Author:Kilgour, D. Marc; Dinar, Ariel; Date Stored:1995/06/01
Document Date:1995/06/30Document Type:Policy Research Working Paper
SubTopics:Decentralization; Water Supply and Sanitation Governance and Institutions; Water and Industry; Water Conservation; Environmental Economics & Policies; Water Supply and Systems; Town Water Supply and SanitationLanguage:English
Major Sector:Water, sanitation and flood protectionReport Number:WPS1474
Sub Sectors:Other Water Supply & SanitationCollection Title:Policy, Research working paper ; no. WPS 1474
Volume No:1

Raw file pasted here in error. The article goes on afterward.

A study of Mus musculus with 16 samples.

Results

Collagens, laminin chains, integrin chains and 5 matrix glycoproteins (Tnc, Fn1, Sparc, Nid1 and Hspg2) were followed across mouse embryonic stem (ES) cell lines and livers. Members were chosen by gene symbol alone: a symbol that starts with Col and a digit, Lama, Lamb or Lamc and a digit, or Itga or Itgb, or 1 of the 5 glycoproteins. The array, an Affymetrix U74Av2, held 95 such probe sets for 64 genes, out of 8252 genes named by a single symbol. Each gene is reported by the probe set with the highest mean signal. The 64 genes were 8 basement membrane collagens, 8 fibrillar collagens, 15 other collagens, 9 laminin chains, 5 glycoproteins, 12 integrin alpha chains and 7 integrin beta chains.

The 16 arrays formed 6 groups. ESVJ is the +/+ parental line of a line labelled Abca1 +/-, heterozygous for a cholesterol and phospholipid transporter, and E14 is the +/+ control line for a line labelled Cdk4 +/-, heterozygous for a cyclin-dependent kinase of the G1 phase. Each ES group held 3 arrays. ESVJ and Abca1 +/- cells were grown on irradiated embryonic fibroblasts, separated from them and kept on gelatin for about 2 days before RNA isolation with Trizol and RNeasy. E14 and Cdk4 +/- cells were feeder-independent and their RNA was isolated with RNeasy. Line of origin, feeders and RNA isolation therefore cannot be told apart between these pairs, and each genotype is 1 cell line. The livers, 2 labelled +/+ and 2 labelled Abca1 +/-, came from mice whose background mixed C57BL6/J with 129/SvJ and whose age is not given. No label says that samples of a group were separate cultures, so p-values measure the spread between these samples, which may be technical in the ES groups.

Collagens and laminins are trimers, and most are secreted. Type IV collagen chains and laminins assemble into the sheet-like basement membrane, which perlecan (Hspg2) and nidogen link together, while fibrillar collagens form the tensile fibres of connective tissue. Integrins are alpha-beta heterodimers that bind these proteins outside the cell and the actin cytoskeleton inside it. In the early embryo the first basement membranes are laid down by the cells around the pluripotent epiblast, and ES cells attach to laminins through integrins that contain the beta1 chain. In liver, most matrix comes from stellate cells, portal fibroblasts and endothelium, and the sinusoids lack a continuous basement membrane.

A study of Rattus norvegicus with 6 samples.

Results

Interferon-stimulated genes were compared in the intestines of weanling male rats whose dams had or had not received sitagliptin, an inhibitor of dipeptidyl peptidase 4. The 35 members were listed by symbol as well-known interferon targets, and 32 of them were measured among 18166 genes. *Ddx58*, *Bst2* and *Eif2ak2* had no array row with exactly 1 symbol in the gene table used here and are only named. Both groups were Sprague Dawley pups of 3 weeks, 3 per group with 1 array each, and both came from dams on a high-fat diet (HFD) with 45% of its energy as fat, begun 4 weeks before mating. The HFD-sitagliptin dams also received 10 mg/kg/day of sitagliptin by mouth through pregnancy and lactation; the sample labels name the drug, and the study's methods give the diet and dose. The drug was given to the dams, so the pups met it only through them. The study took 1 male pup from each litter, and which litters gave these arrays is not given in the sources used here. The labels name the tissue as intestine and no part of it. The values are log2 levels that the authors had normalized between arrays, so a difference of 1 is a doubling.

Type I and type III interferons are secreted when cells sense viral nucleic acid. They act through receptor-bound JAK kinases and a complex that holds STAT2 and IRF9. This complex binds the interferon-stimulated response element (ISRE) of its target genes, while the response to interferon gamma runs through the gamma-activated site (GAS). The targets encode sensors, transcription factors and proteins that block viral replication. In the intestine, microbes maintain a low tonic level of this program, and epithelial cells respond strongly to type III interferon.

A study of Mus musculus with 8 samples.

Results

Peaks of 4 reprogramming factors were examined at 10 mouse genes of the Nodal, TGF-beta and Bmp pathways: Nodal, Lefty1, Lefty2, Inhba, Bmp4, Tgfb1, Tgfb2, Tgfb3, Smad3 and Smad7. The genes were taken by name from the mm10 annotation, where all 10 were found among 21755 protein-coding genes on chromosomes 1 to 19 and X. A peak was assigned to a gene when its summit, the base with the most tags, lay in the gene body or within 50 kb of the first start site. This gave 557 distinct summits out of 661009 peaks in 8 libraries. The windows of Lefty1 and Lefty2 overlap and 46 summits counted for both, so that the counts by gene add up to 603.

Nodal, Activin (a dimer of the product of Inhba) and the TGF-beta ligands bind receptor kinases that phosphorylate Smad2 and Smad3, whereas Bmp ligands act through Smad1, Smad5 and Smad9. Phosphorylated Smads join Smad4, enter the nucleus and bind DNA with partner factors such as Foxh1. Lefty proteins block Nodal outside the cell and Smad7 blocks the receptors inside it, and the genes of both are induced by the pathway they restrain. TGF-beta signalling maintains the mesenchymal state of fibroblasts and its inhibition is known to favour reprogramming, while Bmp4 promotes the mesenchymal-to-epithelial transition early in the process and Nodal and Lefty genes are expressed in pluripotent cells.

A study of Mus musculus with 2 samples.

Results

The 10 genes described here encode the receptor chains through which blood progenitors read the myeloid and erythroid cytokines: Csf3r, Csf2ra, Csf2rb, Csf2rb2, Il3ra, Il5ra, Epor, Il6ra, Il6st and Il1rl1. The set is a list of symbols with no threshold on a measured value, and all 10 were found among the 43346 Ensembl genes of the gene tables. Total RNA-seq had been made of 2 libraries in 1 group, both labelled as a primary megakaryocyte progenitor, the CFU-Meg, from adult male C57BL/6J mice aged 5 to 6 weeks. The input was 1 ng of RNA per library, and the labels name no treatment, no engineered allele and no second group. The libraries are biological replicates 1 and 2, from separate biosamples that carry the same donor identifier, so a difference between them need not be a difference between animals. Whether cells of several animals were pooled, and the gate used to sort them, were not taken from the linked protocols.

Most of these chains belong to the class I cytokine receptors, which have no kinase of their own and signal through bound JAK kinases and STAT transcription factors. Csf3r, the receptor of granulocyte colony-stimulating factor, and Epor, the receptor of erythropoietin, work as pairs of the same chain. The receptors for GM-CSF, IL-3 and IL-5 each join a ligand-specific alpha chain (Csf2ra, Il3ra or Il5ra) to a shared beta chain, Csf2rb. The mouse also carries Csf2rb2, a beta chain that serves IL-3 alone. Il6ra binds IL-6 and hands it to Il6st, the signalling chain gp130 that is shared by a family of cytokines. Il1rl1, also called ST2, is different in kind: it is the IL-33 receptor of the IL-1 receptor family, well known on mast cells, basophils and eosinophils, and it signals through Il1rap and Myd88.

Summary: International river and lake basins constitute about 47 percent of the world's continental land area, a proportion that increases to about 60 percent in Africa, Asia, and South America. Because water is a scarce and increasingly valuable resource, disputes about water allocation within these basins often contribute to regional tensions and conflicts. May principles of international law have been developed to allocate water within a water basin and to prevent or resolve international water disputes. Unfortunately, they rarely are easy to apply and often are contradictory. Sharing river water is particularly difficult because the effects are one-way, with upstream-downstream supply disputes have been among the most common. Agreements about the allocation of river water often last only until the first drought, when reduced flow denies some their full shares. The authors develop a simple formal model of water allocation among states within a river basin. They analyze the model in the context of variable flow rates, to project the behavior of riparian states during periods of above-normal and below-normal flow. Their objective: to understand when, where, and how much the economic interests of the states conflict, to develop principles guaranteeing efficient allocations of scarce water supplies, and to identify when stable (self-enforcing) allocation agreements are possible. They also consider the possibility of using alternative sources of supply and of accommodating growth in demand. Satellite technology will soon dramatically improve the ability of riparian states to predict annual flow volumes. In addition, water basin authorities will have real-time data on riparians' water use. These developments will have important implications for the enforceability and the flexibility of river water allocation systems. This model shows how flexibility can be used to construct more durable systems for sharing water among riparian states. The new allocation methods proposed here should contribute to the better management of scarce water supplies, a crucial issue in an increasingly thirsty world.